Ten years after HRI began issuing projections, challenges remain despite improvements in efficiency and quality that have begun to bend the cost curve. Much of the slowing growth can be attributable to cost shifting. Consumers, who consequently bear more decision-making on health services, are looking for greater value. Read the highlights of the report. Read more.
Inflation in the $2.9 trillion US health economy has slowed for over five decades, but medical spending has grown during that period as a share of gross domestic product.
Employers offering high-deductible plans grew three-fold since 2009, and consumers now paying more for their care think twice before going to the doctor.
6.5% projection for next year, based on HRI’s analysis of medical costs for the 150 million Americans in the large employer market, weights the downward push of factors against the upward.
High cost sharing may be a barrier to care. During a recent 12-month period, 28% of consumers said they did not see a doctor because of costs.
From Hepatitis C to new treatments for Psoriasis, the FDA pipeline is funneling through more and more specialty drugs with estimated 2016 sales of $9 billion for the top 7 sellers.
Post-breach costs of $200 per record far outweigh $8 per record preventative costs.
Spending growth in the $2.9 trillion US health economy is expected to slow in 2016 as compared to 2015, but it will still outpace overall economic inflation. Stock prices, earnings reports and the customer base have increased and that means the industry is financially healthy. Affordable healthcare, however, remains out-of-reach for many consumers.
For this research, HRI interviewed industry executives, health policy experts and health plan actuaries whose companies cover more than 100 million employer based members. HRI also analyzed results from PwC’s 2015 Health and Well-being Touchstone survey of more than 1,100 employers from 36 industries and a national consumer survey of more than 1,000 US adults.
In this year’s report, we identified the following factors expected to “deflate,” or reduce, the healthcare growth rate in 2016:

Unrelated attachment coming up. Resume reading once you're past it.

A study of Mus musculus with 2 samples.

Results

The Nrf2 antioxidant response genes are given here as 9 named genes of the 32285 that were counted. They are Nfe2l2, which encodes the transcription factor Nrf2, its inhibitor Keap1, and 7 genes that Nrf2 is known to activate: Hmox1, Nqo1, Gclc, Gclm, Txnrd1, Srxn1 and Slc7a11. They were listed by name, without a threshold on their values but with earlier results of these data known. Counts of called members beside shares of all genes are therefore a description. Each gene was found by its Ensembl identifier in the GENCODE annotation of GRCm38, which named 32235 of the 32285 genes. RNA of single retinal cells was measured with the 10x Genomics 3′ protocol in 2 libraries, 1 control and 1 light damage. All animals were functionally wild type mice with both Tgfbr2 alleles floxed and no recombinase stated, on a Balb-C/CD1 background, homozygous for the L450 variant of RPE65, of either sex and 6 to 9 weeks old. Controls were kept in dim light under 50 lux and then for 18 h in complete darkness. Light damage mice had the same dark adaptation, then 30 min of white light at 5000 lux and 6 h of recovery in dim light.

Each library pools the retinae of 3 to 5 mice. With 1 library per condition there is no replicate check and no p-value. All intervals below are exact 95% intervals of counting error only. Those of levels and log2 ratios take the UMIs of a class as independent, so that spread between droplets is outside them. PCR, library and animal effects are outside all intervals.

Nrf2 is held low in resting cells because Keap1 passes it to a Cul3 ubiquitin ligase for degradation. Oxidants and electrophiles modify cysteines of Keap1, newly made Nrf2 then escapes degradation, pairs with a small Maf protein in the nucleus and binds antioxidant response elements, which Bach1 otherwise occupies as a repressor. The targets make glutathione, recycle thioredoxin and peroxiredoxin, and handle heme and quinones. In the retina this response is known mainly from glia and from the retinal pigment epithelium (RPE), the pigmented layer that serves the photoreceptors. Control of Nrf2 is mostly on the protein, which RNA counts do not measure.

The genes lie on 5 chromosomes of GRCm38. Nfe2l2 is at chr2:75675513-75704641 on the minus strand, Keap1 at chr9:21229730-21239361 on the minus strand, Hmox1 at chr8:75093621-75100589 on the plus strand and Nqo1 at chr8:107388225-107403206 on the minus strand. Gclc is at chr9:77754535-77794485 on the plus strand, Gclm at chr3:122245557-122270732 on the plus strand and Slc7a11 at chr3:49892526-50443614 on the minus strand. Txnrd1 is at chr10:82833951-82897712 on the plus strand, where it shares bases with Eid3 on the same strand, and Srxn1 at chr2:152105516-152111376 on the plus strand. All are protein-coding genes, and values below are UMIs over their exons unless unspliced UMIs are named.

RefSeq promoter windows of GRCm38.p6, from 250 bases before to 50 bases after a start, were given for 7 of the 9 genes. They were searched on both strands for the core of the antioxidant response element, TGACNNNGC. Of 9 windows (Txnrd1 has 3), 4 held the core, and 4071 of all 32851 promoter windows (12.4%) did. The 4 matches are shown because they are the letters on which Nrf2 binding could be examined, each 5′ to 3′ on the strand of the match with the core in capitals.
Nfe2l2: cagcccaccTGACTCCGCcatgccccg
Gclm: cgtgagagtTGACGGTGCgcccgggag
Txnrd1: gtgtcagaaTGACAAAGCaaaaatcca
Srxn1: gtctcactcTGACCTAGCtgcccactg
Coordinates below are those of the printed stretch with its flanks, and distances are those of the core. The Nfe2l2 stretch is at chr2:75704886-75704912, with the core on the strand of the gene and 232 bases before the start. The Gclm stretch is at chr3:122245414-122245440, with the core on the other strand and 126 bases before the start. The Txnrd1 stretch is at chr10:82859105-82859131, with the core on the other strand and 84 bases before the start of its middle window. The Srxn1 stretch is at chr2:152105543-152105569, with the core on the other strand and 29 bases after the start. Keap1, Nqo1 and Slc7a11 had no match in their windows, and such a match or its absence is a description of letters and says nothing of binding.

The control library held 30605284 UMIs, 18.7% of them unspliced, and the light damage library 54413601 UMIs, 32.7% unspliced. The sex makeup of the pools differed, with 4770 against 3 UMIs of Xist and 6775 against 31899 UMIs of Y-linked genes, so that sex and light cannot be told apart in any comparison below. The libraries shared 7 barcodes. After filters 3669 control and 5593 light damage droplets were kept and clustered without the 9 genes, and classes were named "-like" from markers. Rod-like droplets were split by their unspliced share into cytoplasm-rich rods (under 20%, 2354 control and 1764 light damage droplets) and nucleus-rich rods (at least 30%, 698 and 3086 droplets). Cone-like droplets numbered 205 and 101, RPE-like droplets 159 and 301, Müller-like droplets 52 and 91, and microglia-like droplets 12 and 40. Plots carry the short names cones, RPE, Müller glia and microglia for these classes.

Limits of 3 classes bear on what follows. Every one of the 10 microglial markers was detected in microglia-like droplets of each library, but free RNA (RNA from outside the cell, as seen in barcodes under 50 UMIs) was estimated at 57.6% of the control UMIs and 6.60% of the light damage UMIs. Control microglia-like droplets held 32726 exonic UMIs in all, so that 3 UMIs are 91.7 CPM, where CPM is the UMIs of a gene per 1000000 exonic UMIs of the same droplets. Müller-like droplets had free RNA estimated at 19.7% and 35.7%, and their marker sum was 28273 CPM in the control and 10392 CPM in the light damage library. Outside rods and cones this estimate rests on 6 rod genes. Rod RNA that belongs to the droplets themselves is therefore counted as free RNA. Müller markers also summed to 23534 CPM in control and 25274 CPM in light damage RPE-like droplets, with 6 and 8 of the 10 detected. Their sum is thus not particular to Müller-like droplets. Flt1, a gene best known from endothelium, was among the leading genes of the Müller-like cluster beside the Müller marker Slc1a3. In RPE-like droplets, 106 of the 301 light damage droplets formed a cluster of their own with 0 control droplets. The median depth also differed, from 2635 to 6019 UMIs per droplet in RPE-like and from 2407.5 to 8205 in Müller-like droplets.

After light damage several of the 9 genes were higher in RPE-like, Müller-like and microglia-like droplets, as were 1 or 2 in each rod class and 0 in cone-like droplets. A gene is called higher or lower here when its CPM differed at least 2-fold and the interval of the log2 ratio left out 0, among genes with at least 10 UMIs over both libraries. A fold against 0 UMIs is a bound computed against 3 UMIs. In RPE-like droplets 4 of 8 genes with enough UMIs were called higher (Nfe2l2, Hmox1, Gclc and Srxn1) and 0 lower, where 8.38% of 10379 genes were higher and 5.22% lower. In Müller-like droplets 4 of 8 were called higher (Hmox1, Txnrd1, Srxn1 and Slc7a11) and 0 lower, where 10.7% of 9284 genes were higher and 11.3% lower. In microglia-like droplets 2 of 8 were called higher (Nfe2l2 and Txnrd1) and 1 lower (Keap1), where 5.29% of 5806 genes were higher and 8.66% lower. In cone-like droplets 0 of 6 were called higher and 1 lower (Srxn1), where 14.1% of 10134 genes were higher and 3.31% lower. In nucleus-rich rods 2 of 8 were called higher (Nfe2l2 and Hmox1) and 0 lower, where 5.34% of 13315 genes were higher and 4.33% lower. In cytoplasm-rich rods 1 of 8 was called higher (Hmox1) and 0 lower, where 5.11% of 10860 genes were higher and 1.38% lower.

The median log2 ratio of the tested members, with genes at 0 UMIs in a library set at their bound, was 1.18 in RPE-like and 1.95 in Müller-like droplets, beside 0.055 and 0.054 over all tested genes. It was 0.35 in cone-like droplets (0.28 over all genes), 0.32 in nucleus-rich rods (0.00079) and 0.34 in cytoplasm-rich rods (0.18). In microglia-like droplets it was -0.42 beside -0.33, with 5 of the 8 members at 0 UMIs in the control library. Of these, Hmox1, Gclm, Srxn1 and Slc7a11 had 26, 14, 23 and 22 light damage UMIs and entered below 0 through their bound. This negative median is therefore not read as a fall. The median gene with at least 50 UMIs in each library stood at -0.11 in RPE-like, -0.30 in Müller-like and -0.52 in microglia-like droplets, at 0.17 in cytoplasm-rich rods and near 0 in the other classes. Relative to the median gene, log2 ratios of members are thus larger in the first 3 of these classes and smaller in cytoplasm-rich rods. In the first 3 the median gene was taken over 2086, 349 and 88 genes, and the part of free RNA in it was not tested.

Going the other way, there are two factors expected to” inflate,” or boost, the spending trajectory in 2016:
There are three factors expected to “deflate” or reduce the spending trajectory in 2016 are:
There are two factors expected to” inflate,” or boost, the spending trajectory in 2016:
More Americans with health insurance and an improving economy have not increased the medical spending trajectory. Structural changes have helped keep costs in check. But there is still much to be done as long as health spending continues to outpace gross domestic product and individual consumers and companies struggle to afford services. Health companies must restrain costs when bringing new cures and technology to consumers.
Affordability moves front and center in the New Health Economy. Employers must pursue strategies that not only strengthen their bottom line but better equip workers to make informed health decisions – or they will all pay a high cost in the long run. User-friendly technology offers opportunities for greater transparency, remote care delivery and true comparison shopping.
HRI issues its projection for the coming year’s medical cost trend based on analysis of medical costs in the large employer insurance market. In compiling data for 2016, HRI interviewed industry executives, health policy experts and health plan actuaries whose companies cover more than 100 million employer based members. HRI also analyzed results from PwC’s 2015 Health and Well-being Touchstone survey of more than 1,100 employers from 36 industries and a national consumer survey of more than 1,000 US adults.
Behind the Numbers 2016 is our tenth report in this series.
A historic recession, sluggish recovery, landmark reform law, innovative disruptors and cost-conscious purchasers have provided the crosswinds in a tumultuous decade for the US health sector. Despite the improved growth rate, medical inflation still outpaces general economic inflation. Healthcare providers, insurers and life sciences companies face considerable pressure from consumers and competition from non-traditional new entrants to stay ahead of the game over the next decade.
The year ahead will see spending intensify with the entry of new high-cost specialty drugs into the market. Investments to guard personal health data from major cyber security breaches will also add to the overall cost of delivering care.
But moderating forces are expected to hold growth in check. The ACA’s insurance excise “Cadillac” tax set to begin in 2018 is already influencing employer’s benefit design. More than 85% of employers in PwC’s 2015 Health and Well-being Touchstone survey have implemented, or are considering, greater employee cost sharing.
Although virtual care is not new, its use will ramp up significantly in 2016. Costs will fall as care transitions from capital intensive “brick and mortar” to remote monitoring and visits. New health advisers that can steer consumers to more efficient healthcare are also on the rise.
As cost shifts to employees, affordability moves front and center in the New Health Economy. Employers must pursue strategies that not only strengthen their bottom line, but also better equip workers to make informed health decisions.